Cary Emondson-US PRESSWIRE
Ben Howland's whining about UCLA losing players early to the NBA is not being taken seriously anymore.
Jordan Brenner of the ESPN Magazine has an interesting piece on whether Pac-12 basketball can make a comeback this season with UCLA. The reality is no one is going to care about Pac-12 hoops all that much if the Bruins continue to underachieve (or embarrass the four letter) like they have done last four years under Howland.
Brenner made an interesting point about UCLA and early defections dismissing Ben Howland's whining about the issue (emphasis added):
Of all the factors that have hurt Pac-12 hoops, early entry is the coaches' favorite target -- and also the least legitimate. When they whine about the exodus of top players, they sound as if they are two decades behind the times, not three time zones behind the East. UCLA coach Ben Howland repeatedly laments the loss before last season of Malcolm Lee and Tyler Honeycutt, two underclassmen who "weren't ready," he says, and ended up as second-round picks. Pac-12 coaches Sean Miller (Arizona), Kevin O'Neill (USC), Lorenzo Romar (Washington) and Mike Montgomery (Cal) all mentioned the departure of eight underclassmen following the 2009-10 season, conveniently forgetting that not a single conference player declared early for the 2009 draft. What do they think is happening elsewhere?
The same thing, obviously. In fact, the talent drain has been more severe in other leagues. Over the past 10 seasons, 43 players left the Pac-12 early for the draft. During that same period, the SEC lost 51 underclassmen, followed by the Big 12 (48) and Big East (44). The ACC lost 42, leaving only the Big Ten (19) in a different realm. But the myth endures through the coaches' words. Talking to Howland, it seems as if the world is united in an effort to prevent UCLA from retaining its best players. "We are in the land of agents," he says. "If you come over here in the summer, there's 30 pros here every day."
Yeah, because there aren't agents in DC, New York and Chicago. Or, as O'Neill says, "believe me, agents are the least of our problems. They can reach a guy whether he's in Anchorage, Coral Gables or Los Angeles."
It's also tough to take Howland's gripes seriously when you consider UCLA's recruiting profile. Muhammad, a smooth, muscular wing with a knack for putting the ball in the basket, is one of the top two players on any list of freshmen. The NCAA is still deciding whether he compromised his eligibility by reportedly allowing financial advisers -- who were also family friends -- to pay for two unofficial visits to schools. But if he takes the court, he is sure to be an impact player. And he is just as likely to bolt for the NBA after a season.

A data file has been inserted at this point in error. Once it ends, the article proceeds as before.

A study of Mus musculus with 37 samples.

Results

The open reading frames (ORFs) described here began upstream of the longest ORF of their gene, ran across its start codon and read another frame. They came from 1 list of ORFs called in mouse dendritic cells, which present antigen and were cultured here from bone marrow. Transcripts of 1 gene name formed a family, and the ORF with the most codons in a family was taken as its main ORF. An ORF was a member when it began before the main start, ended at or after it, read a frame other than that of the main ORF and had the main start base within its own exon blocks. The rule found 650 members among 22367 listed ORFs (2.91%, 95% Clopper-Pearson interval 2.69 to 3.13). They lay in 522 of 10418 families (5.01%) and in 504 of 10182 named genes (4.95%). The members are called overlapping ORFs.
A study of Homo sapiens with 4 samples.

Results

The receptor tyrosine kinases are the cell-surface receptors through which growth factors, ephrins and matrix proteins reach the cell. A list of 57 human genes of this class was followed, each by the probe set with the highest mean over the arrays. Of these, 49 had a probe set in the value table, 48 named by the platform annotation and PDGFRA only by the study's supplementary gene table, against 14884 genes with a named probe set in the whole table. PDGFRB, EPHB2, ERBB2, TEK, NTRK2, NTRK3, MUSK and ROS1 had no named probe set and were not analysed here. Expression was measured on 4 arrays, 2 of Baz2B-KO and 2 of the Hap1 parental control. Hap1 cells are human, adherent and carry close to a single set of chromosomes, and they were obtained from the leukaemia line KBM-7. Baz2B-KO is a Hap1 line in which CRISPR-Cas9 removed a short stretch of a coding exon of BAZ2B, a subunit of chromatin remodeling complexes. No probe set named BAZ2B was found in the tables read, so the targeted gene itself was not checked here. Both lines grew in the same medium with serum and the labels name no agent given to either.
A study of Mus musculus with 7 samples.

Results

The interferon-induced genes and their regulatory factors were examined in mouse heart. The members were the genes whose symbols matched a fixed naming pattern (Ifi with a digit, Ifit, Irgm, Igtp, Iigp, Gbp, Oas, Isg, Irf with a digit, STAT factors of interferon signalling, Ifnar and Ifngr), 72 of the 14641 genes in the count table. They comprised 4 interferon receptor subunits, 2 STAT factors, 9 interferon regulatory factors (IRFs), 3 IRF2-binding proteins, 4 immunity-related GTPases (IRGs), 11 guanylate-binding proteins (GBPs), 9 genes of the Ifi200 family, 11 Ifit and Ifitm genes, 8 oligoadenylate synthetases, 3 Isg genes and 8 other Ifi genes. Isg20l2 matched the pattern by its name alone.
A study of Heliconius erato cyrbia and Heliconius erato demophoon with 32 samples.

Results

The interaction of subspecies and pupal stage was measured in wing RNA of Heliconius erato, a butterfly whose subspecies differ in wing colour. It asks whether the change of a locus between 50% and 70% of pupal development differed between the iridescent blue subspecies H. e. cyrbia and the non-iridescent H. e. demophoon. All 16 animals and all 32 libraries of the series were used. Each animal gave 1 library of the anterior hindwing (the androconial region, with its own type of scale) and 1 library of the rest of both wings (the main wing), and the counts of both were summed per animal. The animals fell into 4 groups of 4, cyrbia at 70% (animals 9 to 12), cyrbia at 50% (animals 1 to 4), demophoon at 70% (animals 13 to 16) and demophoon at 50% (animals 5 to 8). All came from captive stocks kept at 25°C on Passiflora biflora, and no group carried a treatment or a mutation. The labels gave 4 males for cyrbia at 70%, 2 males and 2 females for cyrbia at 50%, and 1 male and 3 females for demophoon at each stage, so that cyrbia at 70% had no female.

Anderson is in a similar position. At 6'9" with a point guard's vision and handle, the New Jersey native is already an enticing pro prospect. The NCAA is investigating his connection to an agent, but his presence would be a game changer for UCLA as well. (Good luck finding another 6'9" point guard in college hoops.) Again, though, there is little expectation that Anderson will spend much time in college. So Howland can't feign surprise if and when he leaves early. Instead, he and the other coaches might want to look closer to home in assigning blame for the conference's struggles.
I thought those grafs were interesting. The reason I think Howland's whining on this issue is ridiculous is because the recruiting strategy from his staff has been a debacle in last four years and it increasingly looks like last year's "monster class" was nothing more than aberration.
As we have discussed over the years Howland and his staff have been repeatedly caught by surprise by early defections last few years even though rest of the world knew that players would be running away from his program the first chance they got. DC came back for his senior year when his draft stock took a beat after he got pantsed by Derrick Rose in the Final-4 (thanks for Howland's terrible strategery to not have RW or LRMAM guard the John Calipari's paid mercenary).
Howland and his staff has also failed to prepare for early defections through not so prudent recruiting strategy that ignored solid local recruits in recent years, while wasting time and resources on going after national recruits who were never really interested in UCLA (again not going to rehash those discussions as you can check out the posts under the tag "Ben Howland era at UCLA" from last four year).
We know Shabbazz is gone one way or another. This was going to be a one year deal for him. Anderson will probably be gone if he has a very good year. We certainly hope Howland has options lined up so that UCLA doesn't have to go through another year of rebuilding BS next year. Either way if Howland doesn't get it done this year, we will be discussing candidates for head coaches instead of repeating the miserable cycles of last four seasons.